No landlord could fail to be moved by the tragic events on the Mediterranean resort island of Corfu back in 2006. The death of two young children, Christianne and Robert Wood from carbon monoxide poisoning highlights the potential danger represented by poorly functioning heating systems. The deaths underline the importance of carbon monoxide safety in a rental property.

Landlords should be aware of their responsibilities for the safety of their tenants. The Gas Safety (Installation & Use) 1998 makes every landlord responsible for having a gas pipe work and appliances certified as being in safe working condition. The inspection process has to be carried out at least once a year. All inspections must be done by a Gas Safety registered installer. The regulation is enforced by the Health and Safety Executive (HSE).

There are severe penalties for non-compliance that can be imposed and deaths can result in manslaughter charges for landlords and agents. Non compliance is a criminal offence and courts can impose unlimited fines and custodial sentences. This may also invalidate your landlord property insurance which could subsequently lead to claims for civil damages. Awards in these cases have proved to be very high indeed.

What is carbon monoxide?

Carbon Monoxide (CO) is widely known as the silent killer. Highly poisonous, CO cannot be detected by the senses. You can’t see, smell or taste it, but exposure to even low levels of CO can cause brain damage and death. CO is produced by the incomplete combustion of gas, solid or liquid fuels. It arises from badly installed or poorly maintained gas appliances. Insufficient ventilation to the appliance or away from the appliance (flues and chimneys blocked) will also cause CO build up.

Signs of CO are: yellow or brown stains around the appliance, pilot lights which blow out frequently and increased condensation inside windows.

Symptoms of CO poisoning are: Fatigue, headaches, flu like symptoms such as nausea, chest pains, sudden giddiness when standing up, sickness, diarrhoea and stomach pains, erratic behaviour.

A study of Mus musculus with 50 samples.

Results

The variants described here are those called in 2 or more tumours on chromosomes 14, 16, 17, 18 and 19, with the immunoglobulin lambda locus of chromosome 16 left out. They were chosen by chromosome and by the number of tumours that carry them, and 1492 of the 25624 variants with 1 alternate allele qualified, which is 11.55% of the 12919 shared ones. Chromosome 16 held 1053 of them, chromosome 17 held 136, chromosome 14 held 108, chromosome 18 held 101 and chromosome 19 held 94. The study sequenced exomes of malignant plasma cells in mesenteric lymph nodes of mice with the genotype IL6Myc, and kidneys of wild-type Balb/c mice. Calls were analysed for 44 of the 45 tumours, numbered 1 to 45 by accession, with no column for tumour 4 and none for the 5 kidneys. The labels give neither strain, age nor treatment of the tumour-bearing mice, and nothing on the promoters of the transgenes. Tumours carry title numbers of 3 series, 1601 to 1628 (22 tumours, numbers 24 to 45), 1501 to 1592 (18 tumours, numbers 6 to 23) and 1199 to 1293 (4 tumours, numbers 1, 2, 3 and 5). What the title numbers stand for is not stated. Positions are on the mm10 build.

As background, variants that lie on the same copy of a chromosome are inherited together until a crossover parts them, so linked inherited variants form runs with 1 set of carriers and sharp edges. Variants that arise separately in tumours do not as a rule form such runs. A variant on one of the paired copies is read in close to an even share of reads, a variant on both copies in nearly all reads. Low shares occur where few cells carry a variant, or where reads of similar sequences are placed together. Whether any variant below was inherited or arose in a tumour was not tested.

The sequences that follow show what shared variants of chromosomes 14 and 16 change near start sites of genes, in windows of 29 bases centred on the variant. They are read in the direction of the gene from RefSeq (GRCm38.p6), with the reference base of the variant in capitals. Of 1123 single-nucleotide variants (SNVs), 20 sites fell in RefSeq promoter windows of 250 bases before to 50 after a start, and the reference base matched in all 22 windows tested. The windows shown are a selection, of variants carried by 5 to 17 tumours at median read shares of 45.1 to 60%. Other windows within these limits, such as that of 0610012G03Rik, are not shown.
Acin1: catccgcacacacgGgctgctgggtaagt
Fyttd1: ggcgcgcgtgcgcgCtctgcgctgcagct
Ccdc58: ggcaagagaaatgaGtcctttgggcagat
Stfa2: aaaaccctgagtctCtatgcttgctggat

In the UK there are approximately 20-30 deaths each year caused by CO poisoning from heating devices each year. The trend is reducing and the proportion of deaths in private homes and council rented property is 5 times and twice that respectively found in private rented accommodation.

Landlord carbon monoxide safety checklist

  • Implement a system of annual checks and maintenance for all gas appliances and flues.
  • Use only Gas Safe registered engineers for installations, maintenance and gas safety checks.
  • Maintain safety check records, keeping copies for at least 2 years, and issuing copies to each tenant within 28 days.
  • If you use a managing agent make sure the contract makes it clear who is responsible for managing gas safety checks.
  • Make sure that appliances are safe and have been checked within 12 months before re-letting.
  • On re-letting, remove any suspect appliances which may have been left by previous tenants and issue the new tenant/s with a copy of the safety check record on entry.
  • On re-letting, even if a safety certificate is still current, inspect the gas installation and appliances. A leaving tenant may have left the system in an unsafe condition.
  • Work closely with tenants in gaining access for maintenance, repairs, safety checks and the early reporting of faulty appliances.
  • If you experience difficulties gaining access make sure you fully document this to show you have taken all reasonable steps – beware accusations of harassment.
  • Ensure that all appliances meet the regulations; in particular in bedrooms and bathrooms where appliances must be of the room-sealed type. Since 1 January 1996 there are restrictions on appliances fitted in bedrooms and bathrooms. Appliances such as heaters must be of the room-sealed type. Non-room sealed types can only be fitted if they are below 14 Kilowatts and have cut off devices which automatically turn off the gas when toxic fumes build up. Also, since 31 October 1998 it has been illegal to install instantaneous water heaters which are not room-sealed or fitted with a safety device which automatically turns off the gas supply when toxic fumes build up. If in doubt seek advice from an installer registered by the Gas Safe Register.
  • Do not use second hand gas appliances.
  • Ensure that tenants have emergency instructions and ready access to the gas meter and the gas cut-off valve.
  • Provide copies of all appliance manufacturers’ operating instructions to your tenants.
  • If alterations are made to the rental property make sure the person responsible takes into account the affects on gas appliances such as flue outlets, ventilation etc. and that they have the appliances re-checked by a Gas Safe Register installer.

Other useful information:

Gas safety in a rental property

Boiler insurance cover is it worth it?